EBay outlined some of its upcoming projects Thursday, as it touted its personalization features in a new company blog post.
The e-commerce company, best known for its auction listings, offers a mix of both resale and new products totaling 1.2 billion items and serves as many as 180 million customers. Personalization at that scale simply can’t be a purely human endeavor. It’s one reason why rivals like Amazon have been major proponents of machine learning and artificial intelligence.
Likewise, eBay has been doubling down on its own efforts in AI, machine learning, computer vision and other related technologies.
In its list of ”10 Ways eBay Is Creating a More Personalized Shopping Experience,” the company summed up a few of its visual shopping and image search capabilities, among other things. It also tipped its hand about new features, such as “Trending in Your Interests” and “Buy Again With One Click,” as well as new save features.
The trending feature essentially conjures popular items within a user’s interests.
“Things trend on eBay because as the world talks about it, they shop for it on eBay,” wrote Bradford Shellhammer, the company’s vice president of buyer experience and general manager of eBay New York. “We understand customer interests, from sneakers to fashion, and are beginning to merge the two….Finding trends within the world of what matters to you keeps recommendations fresh and timely.”
As an example, Shellhammer explained how a sneakerhead might see a special “Game of Thrones” edition of the Adidas Ultra Boost, rather than the standard version. “We would highlight to you what enthusiast sneakerheads are coveting that week,” he explained.
The single-click “buy it again” button allows customers to shop their purchase history, so they can repurchase easily, without searching. if the product is no longer available from the same seller, the system pulls up the option to “buy similar.”
“Through this feature, eBay’s search algorithms will surface similar inventory, often the same product sold by a different seller, the same product in a different variant (think of the same sneaker in different colors), or a similar product (like a different running sneaker from the same brand),” Shellhammer continued. “As we learn more about your buying patterns for your favorite products, we will remind you to Buy Again when the time and price are right for you.”
The company is also trying out new Save options, along with e-mails that prompt customers to save sellers they’ve shopped before, personalized promoted listings and personalized homepages. The latter is coming this summer and fall that customize based on regional shopping patterns, user demographics and sales or promotions.
The updates represent an evolution from various personalization efforts, including eBay’s “Storefront of you,” which basically creates a personalized online store based on the shopper’s interests.
And if there are no historical interests to track, as in the case of new visitors, eBay can still recommend items. The company is “training our algorithms on new buyer preferences and choices,” Shelhammer added. “We know that buyers who are visiting eBay for the first time have distinctly different shopping preferences as compared to our existing, tenured buyers. In Search, we are actively working on delivering a tailored customer experience for our new buyers…”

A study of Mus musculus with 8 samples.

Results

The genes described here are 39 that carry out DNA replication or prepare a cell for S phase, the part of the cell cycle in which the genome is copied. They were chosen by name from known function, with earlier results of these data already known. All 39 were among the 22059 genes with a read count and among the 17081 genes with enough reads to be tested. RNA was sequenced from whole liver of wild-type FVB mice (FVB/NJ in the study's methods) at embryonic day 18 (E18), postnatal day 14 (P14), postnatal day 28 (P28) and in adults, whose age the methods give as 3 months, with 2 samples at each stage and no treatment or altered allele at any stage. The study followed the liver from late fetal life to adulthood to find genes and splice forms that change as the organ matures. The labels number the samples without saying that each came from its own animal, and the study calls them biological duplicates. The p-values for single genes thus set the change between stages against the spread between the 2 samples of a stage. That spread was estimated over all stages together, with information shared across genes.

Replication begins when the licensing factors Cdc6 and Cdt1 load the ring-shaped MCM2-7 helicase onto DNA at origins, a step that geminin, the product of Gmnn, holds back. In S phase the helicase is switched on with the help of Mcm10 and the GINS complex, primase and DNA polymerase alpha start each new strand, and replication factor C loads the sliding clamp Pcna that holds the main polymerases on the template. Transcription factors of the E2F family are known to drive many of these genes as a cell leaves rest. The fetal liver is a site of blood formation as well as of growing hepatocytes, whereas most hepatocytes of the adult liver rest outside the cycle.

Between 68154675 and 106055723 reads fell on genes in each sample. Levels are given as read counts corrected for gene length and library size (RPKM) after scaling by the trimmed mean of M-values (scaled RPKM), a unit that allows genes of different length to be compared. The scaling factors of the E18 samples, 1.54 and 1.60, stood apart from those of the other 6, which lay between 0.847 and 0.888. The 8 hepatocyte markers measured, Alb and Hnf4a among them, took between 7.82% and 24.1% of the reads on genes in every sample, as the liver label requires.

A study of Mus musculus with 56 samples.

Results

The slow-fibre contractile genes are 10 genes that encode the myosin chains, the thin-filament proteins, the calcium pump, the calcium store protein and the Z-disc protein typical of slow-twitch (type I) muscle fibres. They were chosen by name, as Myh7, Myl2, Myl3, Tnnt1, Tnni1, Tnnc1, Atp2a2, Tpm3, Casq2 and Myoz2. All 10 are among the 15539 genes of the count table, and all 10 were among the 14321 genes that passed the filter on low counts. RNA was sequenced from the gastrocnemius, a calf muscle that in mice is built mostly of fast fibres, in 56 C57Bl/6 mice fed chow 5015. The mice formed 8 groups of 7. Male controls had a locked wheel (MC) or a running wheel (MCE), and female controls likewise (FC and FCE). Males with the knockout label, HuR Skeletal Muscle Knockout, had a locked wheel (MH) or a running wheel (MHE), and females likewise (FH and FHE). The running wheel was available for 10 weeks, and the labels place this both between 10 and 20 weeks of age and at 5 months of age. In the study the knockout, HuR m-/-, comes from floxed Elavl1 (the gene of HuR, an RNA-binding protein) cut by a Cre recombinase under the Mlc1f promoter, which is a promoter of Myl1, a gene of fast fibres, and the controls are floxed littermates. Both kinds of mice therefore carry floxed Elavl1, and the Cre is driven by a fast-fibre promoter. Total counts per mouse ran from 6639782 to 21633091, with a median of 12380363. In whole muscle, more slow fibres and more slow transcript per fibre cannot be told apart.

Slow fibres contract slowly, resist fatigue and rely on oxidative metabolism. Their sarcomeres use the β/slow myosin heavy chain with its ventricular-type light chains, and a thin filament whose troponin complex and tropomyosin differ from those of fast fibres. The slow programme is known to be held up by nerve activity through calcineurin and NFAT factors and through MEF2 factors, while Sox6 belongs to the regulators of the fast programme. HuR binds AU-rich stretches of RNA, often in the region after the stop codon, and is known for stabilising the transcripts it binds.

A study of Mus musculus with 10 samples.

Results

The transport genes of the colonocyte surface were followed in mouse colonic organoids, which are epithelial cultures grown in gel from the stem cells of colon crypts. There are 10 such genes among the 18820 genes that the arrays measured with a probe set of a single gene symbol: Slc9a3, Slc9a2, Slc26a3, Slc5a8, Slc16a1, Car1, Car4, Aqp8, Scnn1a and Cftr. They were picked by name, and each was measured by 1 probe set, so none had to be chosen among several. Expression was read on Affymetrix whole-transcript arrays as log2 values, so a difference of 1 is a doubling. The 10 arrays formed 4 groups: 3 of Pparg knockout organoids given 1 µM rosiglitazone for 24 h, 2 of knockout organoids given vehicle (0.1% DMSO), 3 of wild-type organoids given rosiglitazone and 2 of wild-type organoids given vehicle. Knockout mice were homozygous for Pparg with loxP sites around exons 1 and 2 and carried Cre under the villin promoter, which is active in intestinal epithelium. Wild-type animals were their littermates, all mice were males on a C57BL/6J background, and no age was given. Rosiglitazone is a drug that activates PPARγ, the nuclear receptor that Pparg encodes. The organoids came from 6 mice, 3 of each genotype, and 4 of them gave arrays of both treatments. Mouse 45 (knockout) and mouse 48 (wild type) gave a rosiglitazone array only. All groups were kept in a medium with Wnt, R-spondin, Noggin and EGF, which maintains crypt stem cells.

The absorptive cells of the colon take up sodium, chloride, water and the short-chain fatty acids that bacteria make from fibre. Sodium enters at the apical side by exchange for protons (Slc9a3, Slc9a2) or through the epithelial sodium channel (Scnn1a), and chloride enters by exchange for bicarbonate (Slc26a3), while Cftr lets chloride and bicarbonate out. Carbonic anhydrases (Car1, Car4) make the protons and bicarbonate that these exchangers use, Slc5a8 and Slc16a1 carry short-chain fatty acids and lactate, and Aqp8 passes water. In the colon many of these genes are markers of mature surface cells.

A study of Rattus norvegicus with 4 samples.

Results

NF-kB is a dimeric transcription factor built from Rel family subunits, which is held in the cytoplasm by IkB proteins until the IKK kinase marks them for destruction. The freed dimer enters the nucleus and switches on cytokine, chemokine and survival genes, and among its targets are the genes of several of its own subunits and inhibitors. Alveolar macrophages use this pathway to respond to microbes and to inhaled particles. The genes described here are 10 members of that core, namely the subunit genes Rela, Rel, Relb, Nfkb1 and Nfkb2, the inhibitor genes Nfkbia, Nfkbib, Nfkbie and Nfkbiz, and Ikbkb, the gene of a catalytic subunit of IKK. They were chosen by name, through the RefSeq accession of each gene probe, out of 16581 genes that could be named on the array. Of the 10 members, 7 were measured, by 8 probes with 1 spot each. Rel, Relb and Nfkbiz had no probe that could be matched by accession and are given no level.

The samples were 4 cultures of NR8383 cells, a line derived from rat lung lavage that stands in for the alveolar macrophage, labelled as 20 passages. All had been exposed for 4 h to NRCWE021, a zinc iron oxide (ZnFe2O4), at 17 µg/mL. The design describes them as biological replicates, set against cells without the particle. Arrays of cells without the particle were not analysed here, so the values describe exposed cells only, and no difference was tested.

EMarketer ranked eBay behind Amazon for its share of the U.S. retail market. But there’s a lot of air between the Seattle-based e-commerce giant’s top spot and second place: According to the firm’s projections, Amazon is expected to generate roughly 38 percent of all U.S. retail e-commerce sales this year. EBay clocked in with 6 percent, ahead of Walmart’s 4.7 percent and Apple’s 3.8 percent.
It seems eBay has been trying to close the gap, methodically tackling every friction it can find with AI. The efforts seem to have gotten under Amazon’s skin.
In Amazon’s April shareholder letter, chief executive officer Jeff Bezos took a swipe at its e-commerce rival, stating that third-party sellers “do so much better selling on Amazon than they did on eBay” because of the comprehensive tool sets Amazon has developed. Bezos also said that, between 1999 to 2018, his marketplace’s third-party sales growth left eBay’s in the dust.
EBay president and ceo Devin Wenig was not amused.
While I appreciate the ink dedicated to @ebay from the ceo of the company not focused on competition, think I”ll dedicate my letter to customers, purpose and strategy. We don’t compete with our sellers. We don’t bundle endless services to create barriers to competition.
— Devin Wenig (@devinwenig) April 11, 2019
EBay also points out a fundamental difference between its platform and other major marketplaces. In its first-quarter earnings report in April, the company noted that it doesn’t compete against its sellers.
Steve Wymer, eBay’s chief communications officer and head of global impact, publicly reiterated the message recently in what looks like a subtle dig at Amazon: ”We don’t compete with our sellers, and we don’t have our own inventory. We’re a pure marketplace,” he said. “We succeed when our sellers succeed.
“Our whole goal is to help our sellers find the right buyers,” he said.